Threat Rejection Fuels Political Dehumanization

Kubin, E., Kachanoff, F., & Gray, K. 
(2021, December 4).


Americans disagree about many things, including what threats are most pressing. We suggest people morally condemn and dehumanize opponents when they are perceived as rejecting the existence or severity of important perceived threats. We explore perceived “threat rejection” across five studies (N=2,404) both in the real-world COVID-19 pandemic and in novel contexts. Americans morally condemned and dehumanized policy opponents when they seemed to reject realistic group threats (e.g., threat to the physical health or resources of the group). Believing opponents rejected symbolic group threats (e.g., to collective identity) was not reliably linked to condemnation and dehumanization. Importantly, the political dehumanization caused by perceived threat rejection can be soothed with a “threat acknowledgement” intervention.

General Discussion 

Does perceived threat rejection sow political divisions? Results suggest perceiving the “other side” as rejecting realistic (more than symbolic) threat increases moral condemnation and dehumanization, lending support to the asymmetry hypothesis. DuringCOVID-19, those who relatively favored social distancing saw opponents as rejecting realistic threats and morally judged and dehumanized them. In contrast, support for social distancing did not reliably relate to perceiving the other side as rejecting symbolic threat—and symbolic threat was not robustly associated with moral judgment or dehumanization.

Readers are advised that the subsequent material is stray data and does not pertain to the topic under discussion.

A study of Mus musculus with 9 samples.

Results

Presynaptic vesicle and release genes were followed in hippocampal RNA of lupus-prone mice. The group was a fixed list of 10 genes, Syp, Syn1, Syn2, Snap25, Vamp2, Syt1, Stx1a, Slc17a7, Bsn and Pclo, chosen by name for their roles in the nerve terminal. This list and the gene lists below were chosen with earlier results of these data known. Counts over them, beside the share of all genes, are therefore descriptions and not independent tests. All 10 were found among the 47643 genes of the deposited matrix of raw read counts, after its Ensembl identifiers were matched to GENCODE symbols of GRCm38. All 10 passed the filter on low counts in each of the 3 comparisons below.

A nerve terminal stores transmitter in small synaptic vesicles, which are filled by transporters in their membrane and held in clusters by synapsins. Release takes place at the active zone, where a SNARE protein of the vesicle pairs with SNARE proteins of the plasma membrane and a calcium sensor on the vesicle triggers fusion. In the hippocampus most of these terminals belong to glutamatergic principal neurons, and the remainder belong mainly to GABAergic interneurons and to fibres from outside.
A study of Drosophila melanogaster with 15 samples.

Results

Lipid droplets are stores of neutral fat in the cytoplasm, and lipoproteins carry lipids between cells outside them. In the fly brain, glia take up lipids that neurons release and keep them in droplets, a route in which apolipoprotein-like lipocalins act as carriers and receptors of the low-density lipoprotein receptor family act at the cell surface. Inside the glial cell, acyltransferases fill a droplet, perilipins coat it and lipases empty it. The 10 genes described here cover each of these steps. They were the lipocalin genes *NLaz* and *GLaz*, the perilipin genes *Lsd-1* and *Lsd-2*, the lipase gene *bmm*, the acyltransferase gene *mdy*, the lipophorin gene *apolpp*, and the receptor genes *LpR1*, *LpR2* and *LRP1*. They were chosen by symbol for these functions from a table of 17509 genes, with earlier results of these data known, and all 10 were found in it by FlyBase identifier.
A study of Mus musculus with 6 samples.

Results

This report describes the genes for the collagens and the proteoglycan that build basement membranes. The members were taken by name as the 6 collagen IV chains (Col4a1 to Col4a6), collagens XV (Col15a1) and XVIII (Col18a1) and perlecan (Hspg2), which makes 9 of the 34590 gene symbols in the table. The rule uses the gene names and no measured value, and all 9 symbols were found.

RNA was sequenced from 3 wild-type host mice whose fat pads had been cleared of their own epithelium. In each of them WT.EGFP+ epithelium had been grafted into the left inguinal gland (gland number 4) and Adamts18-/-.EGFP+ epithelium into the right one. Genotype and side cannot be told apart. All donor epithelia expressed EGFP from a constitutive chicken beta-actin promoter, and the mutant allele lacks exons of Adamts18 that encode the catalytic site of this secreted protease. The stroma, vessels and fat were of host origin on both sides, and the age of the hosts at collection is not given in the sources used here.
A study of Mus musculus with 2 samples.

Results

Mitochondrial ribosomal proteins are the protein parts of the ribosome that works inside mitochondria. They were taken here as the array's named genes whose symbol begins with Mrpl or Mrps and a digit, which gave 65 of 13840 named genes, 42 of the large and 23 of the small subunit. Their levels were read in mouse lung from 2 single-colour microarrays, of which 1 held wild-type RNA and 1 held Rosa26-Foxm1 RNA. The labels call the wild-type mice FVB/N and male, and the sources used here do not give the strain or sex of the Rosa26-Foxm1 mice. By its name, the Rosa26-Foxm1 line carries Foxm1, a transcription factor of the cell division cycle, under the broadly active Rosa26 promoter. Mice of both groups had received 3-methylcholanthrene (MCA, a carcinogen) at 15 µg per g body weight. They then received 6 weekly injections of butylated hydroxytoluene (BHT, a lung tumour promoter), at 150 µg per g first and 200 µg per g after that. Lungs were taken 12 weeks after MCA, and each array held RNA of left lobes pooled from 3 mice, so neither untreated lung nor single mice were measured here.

Within a novel threat context, people who were more willing to sacrifice their group’s culture to prevent realistic threats to health or resources viewed opponents as rejecting realistic threats and in turn morally condemned and dehumanized them. Similarly, people who were more willing to endure realistic threat to protect their culture, viewed opponents as rejecting symbolic threats, in turn morally condemning and dehumanizing them, yet these effects were significantly weaker than for realistic threat rejection. Our findings are consistent with research suggesting people condemn behaviors which are perceived as causing concrete (realistic) harm rather than abstract (symbolic) harm (Schein & Gray 2018).

Using a threat-acknowledgement-intervention, we decreased the tendency of people who tended to prioritize protecting the group from realistic threat (i.e., those who tended to support social distancing)to morally judge and dehumanize opponents who prioritized protecting the group from symbolic threat (i.e., those who tended to resist social distancing). Our intervention did not require opponents to compromise their stance –this intervention worked by simply having opponents acknowledge both realistic and symbolic threats when providing a rationale for their position. 

Note: Helpful research when working with politically intense patients who frequently bring in partisan information to discuss in psychotherapy.